Friday, 1 May 2015

The Mystery of the Clockwork Sparrow by Katherine Woodfine

‘Sinclair’s’ is a stunning new department store about to open its doors in London’s Piccadilly. It’s going to be the place to go for the finest clothes, chicest hats, and sweetest bonbons. Sophie is one of the new shop girls and she desperately wants to fit in and make a go of things. But on the eve of the opening, a terrible theft takes place: the exquisite, jewel-encrusted clockwork sparrow is stolen from the grand exhibition installed by Mr. Sinclair as part of the opening fanfare. And Sophie was the last one seen in the exhibition hall…

We know Sophie is innocent, but can she prove it? Especially when the police and Sinclair’s management seem to determined to make her the scapegoat.

Of course, there is far more to The Mystery of the Clockwork Sparrow than a simple theft. Here you will find everything you need in a good mystery: code cracking, secret passageways, gangs, double crosses and dirty dealings – even a kidnap, the threat of an ‘infernal device’ and a desperate bid to reveal the truth and save the day. Katherine Woodfine completely confounded me with the intricacies of her plotline, which dug deeper and deeper as the tale progressed; the twists and turns and connections are all kept well hidden until they are needed.

Sophie is a lovely heroine trying to be the best sort of person she can in a time when being a young independent woman was far from easy. Befriended by Billy, a young porter at the store (who’s more interested in catching up with the latest Boys of Empire comic than doing any actual ‘portering’), and Lil, a store model with theatre aspirations and more self confidence than the starriest starlet, they team up to decode the clues of the case and help out Joe, a homeless boy on the run from a notorious east end gang.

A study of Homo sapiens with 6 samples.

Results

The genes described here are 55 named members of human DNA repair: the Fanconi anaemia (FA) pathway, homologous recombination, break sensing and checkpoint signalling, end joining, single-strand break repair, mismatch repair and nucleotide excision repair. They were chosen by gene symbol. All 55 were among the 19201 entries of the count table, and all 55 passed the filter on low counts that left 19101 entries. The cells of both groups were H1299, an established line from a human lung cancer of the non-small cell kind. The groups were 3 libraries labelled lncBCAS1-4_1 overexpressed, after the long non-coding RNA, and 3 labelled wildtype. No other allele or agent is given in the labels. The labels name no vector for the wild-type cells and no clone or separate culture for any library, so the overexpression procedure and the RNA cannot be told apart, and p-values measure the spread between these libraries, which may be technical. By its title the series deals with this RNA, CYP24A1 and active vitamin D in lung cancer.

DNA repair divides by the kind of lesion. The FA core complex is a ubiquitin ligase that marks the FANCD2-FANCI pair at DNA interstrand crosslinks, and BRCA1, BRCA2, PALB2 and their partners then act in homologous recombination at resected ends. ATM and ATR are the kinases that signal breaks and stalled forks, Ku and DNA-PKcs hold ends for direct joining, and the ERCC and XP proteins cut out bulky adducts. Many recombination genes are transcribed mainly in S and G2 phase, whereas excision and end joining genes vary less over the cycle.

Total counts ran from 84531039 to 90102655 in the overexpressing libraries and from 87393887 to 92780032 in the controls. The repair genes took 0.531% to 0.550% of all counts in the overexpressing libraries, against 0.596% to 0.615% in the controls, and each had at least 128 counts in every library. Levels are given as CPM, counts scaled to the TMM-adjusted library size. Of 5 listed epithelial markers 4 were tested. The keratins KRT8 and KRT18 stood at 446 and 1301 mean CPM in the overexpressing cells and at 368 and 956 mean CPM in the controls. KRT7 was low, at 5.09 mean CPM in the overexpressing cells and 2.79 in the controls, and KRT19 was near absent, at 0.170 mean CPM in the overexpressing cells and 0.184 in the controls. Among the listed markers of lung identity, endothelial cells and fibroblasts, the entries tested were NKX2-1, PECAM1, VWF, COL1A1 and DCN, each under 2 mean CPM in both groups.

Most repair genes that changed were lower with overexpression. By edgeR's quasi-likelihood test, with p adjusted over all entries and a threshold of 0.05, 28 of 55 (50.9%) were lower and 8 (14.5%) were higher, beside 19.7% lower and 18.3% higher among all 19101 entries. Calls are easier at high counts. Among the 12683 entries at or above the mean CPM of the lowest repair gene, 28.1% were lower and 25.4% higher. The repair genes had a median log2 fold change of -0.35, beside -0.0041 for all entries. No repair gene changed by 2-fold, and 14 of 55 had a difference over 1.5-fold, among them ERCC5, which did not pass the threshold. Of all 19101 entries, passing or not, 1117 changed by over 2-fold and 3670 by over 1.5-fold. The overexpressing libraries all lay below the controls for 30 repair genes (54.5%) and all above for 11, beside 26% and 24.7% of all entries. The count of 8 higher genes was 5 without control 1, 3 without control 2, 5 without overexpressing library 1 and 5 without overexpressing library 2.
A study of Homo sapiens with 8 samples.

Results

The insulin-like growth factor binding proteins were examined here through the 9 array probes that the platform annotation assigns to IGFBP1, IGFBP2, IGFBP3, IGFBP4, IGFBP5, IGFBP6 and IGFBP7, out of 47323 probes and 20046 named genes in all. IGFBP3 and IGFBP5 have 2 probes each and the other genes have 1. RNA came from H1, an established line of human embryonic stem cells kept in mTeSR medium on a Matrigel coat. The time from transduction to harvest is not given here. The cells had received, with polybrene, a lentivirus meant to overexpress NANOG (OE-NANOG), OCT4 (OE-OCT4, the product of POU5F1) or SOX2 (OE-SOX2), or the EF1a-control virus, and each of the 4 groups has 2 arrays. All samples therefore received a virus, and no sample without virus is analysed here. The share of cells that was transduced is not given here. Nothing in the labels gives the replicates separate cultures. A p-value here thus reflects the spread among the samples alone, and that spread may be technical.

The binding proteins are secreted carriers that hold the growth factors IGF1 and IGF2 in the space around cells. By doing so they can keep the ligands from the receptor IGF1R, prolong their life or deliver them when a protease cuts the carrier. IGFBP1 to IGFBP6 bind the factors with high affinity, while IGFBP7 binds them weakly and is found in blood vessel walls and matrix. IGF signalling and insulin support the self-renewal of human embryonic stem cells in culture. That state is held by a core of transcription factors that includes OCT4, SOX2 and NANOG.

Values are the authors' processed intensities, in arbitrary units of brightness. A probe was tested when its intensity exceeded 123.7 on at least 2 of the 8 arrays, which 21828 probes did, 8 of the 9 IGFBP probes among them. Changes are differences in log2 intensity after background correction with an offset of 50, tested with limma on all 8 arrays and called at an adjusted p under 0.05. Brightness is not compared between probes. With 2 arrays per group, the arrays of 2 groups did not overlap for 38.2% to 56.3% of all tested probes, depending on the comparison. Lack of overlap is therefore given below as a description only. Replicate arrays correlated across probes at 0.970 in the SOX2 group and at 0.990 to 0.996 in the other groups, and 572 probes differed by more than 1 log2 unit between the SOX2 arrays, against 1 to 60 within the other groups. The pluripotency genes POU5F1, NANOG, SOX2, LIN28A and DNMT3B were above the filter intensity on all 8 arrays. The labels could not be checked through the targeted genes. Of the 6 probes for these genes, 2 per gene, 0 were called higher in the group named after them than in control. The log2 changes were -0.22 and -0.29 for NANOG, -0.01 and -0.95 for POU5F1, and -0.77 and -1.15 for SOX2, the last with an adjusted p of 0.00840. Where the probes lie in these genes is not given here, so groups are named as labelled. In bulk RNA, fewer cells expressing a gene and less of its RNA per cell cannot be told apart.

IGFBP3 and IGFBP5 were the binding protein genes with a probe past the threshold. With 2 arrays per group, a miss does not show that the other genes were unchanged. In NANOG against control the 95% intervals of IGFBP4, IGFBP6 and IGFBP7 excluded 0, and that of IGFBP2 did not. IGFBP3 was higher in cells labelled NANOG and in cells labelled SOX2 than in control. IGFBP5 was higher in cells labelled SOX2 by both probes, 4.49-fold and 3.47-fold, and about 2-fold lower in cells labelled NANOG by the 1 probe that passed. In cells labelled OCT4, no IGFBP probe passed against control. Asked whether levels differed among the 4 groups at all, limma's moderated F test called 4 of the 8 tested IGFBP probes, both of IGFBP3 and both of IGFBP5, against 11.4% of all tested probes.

What is the importance of the clockwork sparrow? Could the theft be an inside job? But how? Can Sophie get her job back and can they keep Joe safe from the people who are after him? And who is the mysterious Baron? - Just mentioning his name is enough to send a shiver down your back.

There has been quite a revival recently of detective fiction for children and The Mystery of the Clockwork Sparrow is another great addition. In the pre-war setting of 1909 (think Selfridges or Fortnum & Mason), Katherine Woodfine has created all sorts of fun and hi-jinx scenarios for Sophie and her eclectic band of friends. You get a real sense of the time and place from her writing but – like Robin Stevens and her Wells & Wong Mysteries – the plot and the pace and the characters are far from constrained by their world, and are as easy to engage with and as enjoyable to read as any contemporary characters. I'm looking forward to finding out what else is in store for Sophie, Billy, Lil and Joe!